Health Care Strategic Management and Planning
In the next several years, health care organizations will likely have to cope with a variety of legislative/political, economic, social/demographic, technological, and competitive changes. However, such changes can be properly managed through strategic management (Ginter et al., 2013). First, technological advances will bring various changes in the health industry. For example, people will start relying on telemedicine especially in treating common conditions and managing chronic conditions that require daily interventions (Vatandoost & Litkouhi, 2018). This means that patients can also stay at home instead of being in a hospital. It will also reduce the waiting time and the need for large space for waiting areas.
Second, robots and AI will conduct almost all procedures including diagnosis, e-healthcare, and surgery. AI will be used for diagnosis eliminating the use of MRIs and other scans. Currently, robots are being used for some surgeries. Third, pharmacies will no longer be needed to produce medicine. Instead, 3D printing will be used. Soon, healthcare organizations will rely on 3D-printed medications (Vatandoost & Litkouhi, 2018). Fourth, hospitals will place computer chips in human bodies that will facilitate early diagnosis of diseases.
Second, healthcare regulation will bring various changes in the health industry. Usually, changes in the healthcare industry take place at the legislative level. This is considering that various agencies are involved in managing and regulating the industry. For example, changes will occur in how patients and healthcare administrators use resources such as Medicaid and Medicare (Tabish & Syed, 2015). Third, demographic changes will require hospitals to rethink their strategies. For example, it is expected that more women will enter the healthcare industry in the next few years. This is based on the current analysis where more women have entered the medical profession. More African-American women will be practicing physicians. This will bring a shift in demographics increasing diversity in the industry.
Fourth societal changes will affect the healthcare industry soon especially now that consumers are becoming more aware (Ginter et al., 2013). Patients will have to be more involved in making decisions that affect their healthcare. This will require more transparency in the areas of care provided, the quality of care, expected outcomes, as well as the cost of care. Also, there will be financing changes that will affect health care organizations in the next year years. For example, to control health care costs, consumer-driven health care will be utilized. This approach will allow patients to be prudent purchases of health care. This means that patients will have financial responsibility (Tabish & Syed, 2015).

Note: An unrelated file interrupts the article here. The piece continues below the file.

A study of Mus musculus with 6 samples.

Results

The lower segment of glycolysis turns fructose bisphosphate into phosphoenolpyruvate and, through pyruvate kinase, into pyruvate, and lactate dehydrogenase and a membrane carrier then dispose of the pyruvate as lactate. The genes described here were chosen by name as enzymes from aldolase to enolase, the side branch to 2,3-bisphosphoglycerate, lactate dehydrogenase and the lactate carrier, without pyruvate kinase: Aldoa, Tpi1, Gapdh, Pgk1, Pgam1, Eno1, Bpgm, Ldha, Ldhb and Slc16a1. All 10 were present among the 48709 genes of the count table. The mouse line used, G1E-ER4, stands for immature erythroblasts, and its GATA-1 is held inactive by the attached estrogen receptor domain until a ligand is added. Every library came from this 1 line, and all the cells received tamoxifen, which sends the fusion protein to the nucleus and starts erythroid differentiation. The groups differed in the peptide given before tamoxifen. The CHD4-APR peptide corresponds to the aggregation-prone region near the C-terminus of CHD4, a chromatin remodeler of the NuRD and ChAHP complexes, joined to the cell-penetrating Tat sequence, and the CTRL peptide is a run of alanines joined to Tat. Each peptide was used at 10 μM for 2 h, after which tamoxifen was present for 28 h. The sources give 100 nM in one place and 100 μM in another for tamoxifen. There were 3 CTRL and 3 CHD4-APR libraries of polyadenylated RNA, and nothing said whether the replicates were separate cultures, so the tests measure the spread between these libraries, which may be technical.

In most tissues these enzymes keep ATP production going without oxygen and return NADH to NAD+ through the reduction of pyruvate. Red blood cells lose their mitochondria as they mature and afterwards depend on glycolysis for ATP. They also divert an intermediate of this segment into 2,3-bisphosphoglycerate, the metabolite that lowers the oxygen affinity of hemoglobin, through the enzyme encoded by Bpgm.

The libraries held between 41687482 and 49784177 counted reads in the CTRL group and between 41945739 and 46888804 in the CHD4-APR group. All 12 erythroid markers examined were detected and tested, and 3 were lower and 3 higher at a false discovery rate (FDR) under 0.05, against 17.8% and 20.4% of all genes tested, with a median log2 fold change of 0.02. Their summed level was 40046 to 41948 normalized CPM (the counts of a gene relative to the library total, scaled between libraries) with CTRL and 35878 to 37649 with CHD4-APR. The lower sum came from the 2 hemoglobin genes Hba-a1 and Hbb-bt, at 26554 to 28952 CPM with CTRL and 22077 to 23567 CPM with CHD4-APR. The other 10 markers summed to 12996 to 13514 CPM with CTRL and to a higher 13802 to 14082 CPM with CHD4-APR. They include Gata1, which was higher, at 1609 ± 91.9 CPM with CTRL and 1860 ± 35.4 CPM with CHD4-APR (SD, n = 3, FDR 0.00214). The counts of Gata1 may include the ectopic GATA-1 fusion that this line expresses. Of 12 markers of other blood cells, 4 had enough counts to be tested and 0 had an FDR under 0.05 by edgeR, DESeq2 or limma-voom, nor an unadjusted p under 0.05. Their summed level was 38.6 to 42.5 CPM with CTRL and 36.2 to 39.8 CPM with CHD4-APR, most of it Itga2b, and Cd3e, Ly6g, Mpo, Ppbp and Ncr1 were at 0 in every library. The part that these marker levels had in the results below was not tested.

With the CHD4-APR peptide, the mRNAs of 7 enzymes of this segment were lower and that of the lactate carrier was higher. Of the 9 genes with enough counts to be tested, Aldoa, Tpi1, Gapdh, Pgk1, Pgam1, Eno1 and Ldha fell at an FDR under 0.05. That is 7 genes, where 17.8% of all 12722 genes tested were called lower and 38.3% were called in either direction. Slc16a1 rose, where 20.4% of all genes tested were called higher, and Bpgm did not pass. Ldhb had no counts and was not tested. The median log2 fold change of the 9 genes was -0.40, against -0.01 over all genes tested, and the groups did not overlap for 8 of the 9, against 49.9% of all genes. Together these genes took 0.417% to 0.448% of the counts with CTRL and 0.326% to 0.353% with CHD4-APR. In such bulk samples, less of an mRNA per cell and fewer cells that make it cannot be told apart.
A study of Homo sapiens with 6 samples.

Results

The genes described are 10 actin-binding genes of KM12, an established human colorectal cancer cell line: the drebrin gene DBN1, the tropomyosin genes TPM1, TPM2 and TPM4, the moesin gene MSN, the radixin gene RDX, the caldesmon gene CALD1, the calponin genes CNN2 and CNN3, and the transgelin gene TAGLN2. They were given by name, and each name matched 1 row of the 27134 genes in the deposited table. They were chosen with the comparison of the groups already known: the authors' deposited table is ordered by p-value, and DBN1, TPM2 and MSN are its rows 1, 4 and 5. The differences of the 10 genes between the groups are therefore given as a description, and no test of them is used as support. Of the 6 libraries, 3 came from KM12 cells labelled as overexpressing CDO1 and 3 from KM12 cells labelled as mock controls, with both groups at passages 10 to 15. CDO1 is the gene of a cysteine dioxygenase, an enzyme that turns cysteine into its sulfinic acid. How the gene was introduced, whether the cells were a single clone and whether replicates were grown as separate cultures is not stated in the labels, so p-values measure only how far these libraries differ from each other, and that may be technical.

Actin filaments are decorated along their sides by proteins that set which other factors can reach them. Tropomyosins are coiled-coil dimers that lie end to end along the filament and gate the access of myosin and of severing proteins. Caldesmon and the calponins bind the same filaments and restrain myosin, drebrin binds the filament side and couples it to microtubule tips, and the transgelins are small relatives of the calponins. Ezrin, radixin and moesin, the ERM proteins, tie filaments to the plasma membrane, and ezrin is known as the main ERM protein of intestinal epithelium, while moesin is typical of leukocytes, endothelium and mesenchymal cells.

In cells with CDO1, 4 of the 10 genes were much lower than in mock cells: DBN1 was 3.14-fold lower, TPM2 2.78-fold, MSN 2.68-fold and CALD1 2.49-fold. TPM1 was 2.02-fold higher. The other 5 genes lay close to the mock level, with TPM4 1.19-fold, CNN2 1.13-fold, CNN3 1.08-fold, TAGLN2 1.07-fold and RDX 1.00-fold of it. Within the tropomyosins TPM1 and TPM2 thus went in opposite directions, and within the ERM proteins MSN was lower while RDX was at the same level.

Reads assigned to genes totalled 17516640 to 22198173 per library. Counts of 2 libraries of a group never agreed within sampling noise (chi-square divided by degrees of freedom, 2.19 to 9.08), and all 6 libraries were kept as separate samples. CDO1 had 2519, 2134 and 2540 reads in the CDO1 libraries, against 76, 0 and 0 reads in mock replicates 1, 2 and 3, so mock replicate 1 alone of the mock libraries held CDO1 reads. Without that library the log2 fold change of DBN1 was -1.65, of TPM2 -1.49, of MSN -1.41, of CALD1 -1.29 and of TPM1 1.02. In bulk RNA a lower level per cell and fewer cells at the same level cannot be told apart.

Healthcare organizations have to be ready to deal with a variety of changes in the next several years (Ginter et al., 2013). This is important considering that a major shift in an industry creates a wide range of changes throughout the industry. One major change in any industry triggers other changes throughout the industry. For example, a technological change such as the adoption of telemedicine brings many other changes throughout the healthcare industry. Such a shift may require clarification of vision, mission, and goals to find a new path. Second, a change in organizational culture may be required. Also, there may be a need for internal operational changes. However, through strategic management, health care organizations will keep pace with the changes that will take place in the future (Ginter et al., 2013).
Ginter, P. M., Duncan, W. J., & Swayne, L. E. (2013). Strategic Management of Health Care Organizations (7th ed.). San Francisco: Jossey-Bass.
Tabish, S. & Syed, N. (2015). Future of Healthcare Delivery: Strategies that will Reshape the Healthcare Industry Landscape. International Journal of Science and Research (IJSR), 4(2), 727-758.
Vatandoost, M. & Litkouhi, S. (2019). The Future of Healthcare Facilities: How Technology and Medical Advances May Shape Hospitals of the Future. Hospital Practices and Research, 4(1), 1-11.